24 September 2009

No Sense of Irony...

Okay, usually I am willing to go to the other side, as a way to get at the kind of thinking used on the right, but I've reached my limit. Granted, I understand that the whole "tea bagger" thing is an astro-turf project funded by the health care industrial complex, in particular Dick Armey, but the limits of logic have been so far exceeded that something has to be done. But where in the heck to start? We aren't dealing with rational thought, so hang on for the ride.
Case in point- this article: http://blogs.wsj.com/washwire/2009/09/16/tea-party-protesters-protest-dc-metro-service/

Apparently republican Texas Rep. Kevin Brady is upset that the public transit system in D.C. wasn't ready for the influx (no, not one million but more like 70,000 if one doesn't count the faked Promise Keeper crowd photo from the 1990s) of protesters hitting the city to...protest government spending on public services. He went on to complain that seniors (who likely receive Medicare) attending the protest were forced to take cabs since there was no room for them on the trains. Now I'm confused. Isn't privatization and the "toll" system of paying for services the major policy dream of republicans and the Ayn Rand crowd? Why are they unhappy? This is their social vision come to pass. If I were a p.r. person for the libertarian party, I would whip up some t-shirts with the slogan "Walk Proudly- Renounce Socialism on Wheels."

Speaking of irony, a group of conservatives is concerned that only 25% of Oklahoma high schoolers correctly identified George Washington as the first U.S. president (http://www.news9.com/global/story.asp?s=11141949). I'm not a fan of these sudden polls that throw out rapid fire questions to then show dismal results as proof that schools are teaching frivolous things. It's so Reader's Digest. But here we have a situation where conservatives are concerned about ignorance, yet these are the same folks who think the earth is roughly 4,000-6,000 years old! I could also be jumping to conclusions. Maybe part of the 75% named Jesus as the first U.S. president (since he is top choice as favorite philosopher). Then the conservatives shouldn't worry so much.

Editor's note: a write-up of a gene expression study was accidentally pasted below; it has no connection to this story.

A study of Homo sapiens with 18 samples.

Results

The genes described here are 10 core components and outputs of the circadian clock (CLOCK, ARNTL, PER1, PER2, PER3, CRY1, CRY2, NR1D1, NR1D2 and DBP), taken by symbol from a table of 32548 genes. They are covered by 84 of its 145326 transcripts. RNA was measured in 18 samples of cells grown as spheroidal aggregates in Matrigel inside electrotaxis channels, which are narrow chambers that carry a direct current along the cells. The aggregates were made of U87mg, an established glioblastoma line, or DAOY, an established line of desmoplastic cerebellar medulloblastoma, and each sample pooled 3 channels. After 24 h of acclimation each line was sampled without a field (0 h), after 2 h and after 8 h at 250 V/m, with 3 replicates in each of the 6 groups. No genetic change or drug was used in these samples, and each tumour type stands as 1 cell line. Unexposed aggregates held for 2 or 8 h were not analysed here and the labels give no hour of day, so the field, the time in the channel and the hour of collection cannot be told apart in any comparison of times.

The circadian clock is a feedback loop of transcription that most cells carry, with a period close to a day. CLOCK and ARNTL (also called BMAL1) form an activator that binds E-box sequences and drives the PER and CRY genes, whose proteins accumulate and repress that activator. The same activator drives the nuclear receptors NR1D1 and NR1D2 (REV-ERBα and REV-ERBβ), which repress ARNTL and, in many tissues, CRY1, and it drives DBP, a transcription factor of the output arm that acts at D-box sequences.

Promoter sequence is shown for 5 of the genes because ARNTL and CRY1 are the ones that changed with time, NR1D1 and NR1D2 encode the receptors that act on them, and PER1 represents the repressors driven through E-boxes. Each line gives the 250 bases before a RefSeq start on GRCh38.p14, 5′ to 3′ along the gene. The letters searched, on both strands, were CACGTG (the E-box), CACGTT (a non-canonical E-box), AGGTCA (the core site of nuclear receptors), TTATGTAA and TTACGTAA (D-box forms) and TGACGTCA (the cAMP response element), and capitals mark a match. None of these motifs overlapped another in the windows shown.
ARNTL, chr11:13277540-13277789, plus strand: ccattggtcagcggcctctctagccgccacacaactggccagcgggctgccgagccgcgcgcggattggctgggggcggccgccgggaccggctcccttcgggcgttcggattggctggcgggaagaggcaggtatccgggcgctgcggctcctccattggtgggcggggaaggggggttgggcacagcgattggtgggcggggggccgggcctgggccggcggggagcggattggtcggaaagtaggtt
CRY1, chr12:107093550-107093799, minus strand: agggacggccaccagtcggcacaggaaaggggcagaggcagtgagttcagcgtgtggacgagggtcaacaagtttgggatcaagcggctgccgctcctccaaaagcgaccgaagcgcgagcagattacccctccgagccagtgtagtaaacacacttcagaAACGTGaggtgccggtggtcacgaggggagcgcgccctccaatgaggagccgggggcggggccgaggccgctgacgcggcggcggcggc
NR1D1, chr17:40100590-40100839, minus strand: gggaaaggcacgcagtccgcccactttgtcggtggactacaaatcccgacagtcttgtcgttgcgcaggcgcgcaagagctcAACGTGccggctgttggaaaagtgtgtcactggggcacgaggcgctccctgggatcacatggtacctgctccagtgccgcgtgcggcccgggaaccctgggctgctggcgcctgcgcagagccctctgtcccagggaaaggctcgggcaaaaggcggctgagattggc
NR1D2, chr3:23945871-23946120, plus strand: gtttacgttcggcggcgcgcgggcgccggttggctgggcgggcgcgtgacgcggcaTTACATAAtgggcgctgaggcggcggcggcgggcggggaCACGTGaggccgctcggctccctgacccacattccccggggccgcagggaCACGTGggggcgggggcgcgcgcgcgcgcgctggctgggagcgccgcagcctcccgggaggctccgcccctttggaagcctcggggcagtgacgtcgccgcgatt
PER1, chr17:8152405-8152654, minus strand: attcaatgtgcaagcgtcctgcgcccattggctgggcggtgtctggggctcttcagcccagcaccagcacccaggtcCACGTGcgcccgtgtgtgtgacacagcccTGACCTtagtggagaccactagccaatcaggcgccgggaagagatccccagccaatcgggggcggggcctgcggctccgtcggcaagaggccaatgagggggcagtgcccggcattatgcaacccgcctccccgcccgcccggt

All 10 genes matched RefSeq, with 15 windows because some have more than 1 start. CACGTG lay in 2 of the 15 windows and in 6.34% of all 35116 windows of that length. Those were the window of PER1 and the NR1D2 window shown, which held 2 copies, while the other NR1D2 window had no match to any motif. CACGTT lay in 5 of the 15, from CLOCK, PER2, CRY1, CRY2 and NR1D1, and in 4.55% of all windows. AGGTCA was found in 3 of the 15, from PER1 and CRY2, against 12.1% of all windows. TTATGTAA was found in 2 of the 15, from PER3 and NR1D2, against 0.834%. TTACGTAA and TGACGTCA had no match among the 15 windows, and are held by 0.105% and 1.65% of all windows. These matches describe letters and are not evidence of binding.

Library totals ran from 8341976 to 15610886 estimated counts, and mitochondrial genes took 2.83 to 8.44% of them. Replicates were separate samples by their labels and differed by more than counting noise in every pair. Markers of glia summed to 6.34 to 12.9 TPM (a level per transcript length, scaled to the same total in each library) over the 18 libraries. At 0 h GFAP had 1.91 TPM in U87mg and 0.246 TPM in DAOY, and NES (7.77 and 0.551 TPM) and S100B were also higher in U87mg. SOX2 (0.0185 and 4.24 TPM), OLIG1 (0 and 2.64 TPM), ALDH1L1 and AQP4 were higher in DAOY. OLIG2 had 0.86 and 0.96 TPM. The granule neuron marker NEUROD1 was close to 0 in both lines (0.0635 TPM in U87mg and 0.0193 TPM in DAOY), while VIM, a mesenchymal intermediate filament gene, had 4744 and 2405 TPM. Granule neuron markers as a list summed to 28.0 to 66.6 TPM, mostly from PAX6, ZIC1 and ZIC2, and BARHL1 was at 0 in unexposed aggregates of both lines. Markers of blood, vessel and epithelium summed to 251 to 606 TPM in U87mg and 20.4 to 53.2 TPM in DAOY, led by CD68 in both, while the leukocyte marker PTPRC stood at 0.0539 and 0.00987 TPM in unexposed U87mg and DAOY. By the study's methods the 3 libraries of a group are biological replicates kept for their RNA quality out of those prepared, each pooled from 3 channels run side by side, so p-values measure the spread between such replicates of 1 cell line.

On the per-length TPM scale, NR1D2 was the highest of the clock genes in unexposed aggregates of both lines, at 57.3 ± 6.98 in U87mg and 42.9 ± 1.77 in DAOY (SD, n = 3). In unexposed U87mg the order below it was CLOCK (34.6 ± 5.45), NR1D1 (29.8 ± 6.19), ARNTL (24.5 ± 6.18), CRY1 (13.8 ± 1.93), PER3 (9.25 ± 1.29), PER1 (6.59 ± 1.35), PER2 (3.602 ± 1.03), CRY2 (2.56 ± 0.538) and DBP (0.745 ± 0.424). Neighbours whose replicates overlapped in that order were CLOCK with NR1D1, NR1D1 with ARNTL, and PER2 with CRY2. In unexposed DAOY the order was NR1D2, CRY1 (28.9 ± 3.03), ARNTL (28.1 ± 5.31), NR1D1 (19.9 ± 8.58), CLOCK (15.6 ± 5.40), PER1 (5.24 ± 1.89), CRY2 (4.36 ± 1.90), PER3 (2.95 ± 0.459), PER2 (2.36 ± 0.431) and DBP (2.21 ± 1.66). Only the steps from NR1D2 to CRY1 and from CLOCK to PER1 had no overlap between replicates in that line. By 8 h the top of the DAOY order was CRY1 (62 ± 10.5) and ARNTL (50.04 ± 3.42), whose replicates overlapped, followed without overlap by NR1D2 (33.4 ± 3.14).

What is next, a debate about whether the sun revolves around the earth and vice versa? One thing I have learned is to never, I repeat never, make a statement about how things are bad, but thank goodness no one has (fill in the blank) yet. Yes, there is an anti-Copernican website out there, so my worst fears have been realized: http://www.fixedearth.com/ It's just good to know that there are people on this planet taking Glenn Beck's advice and "question boldly" (except the official story of 9/11), since that is evidence of our "freedom." Of course Beck forgot the rest of Jefferson's quote, which is to question boldly the existence of God. But that's just being picky.

All I can say is that the postmodernists must be happy by now to see their vision, like the tea-baggers, come to pass.



right there with you, faith. the depth of discourse has been frightfully thin and the american people (at least the american people that the corporate media chooses to reveal to us) seem to "baaaah" in unison. i'm sure you experience similar issues in the university classroom that i face--just cutting through the socialization of individualism and "truthiness" that Stephen Colbert speaks of. my students are really victims of their education and are poised to victimize others in their future careers.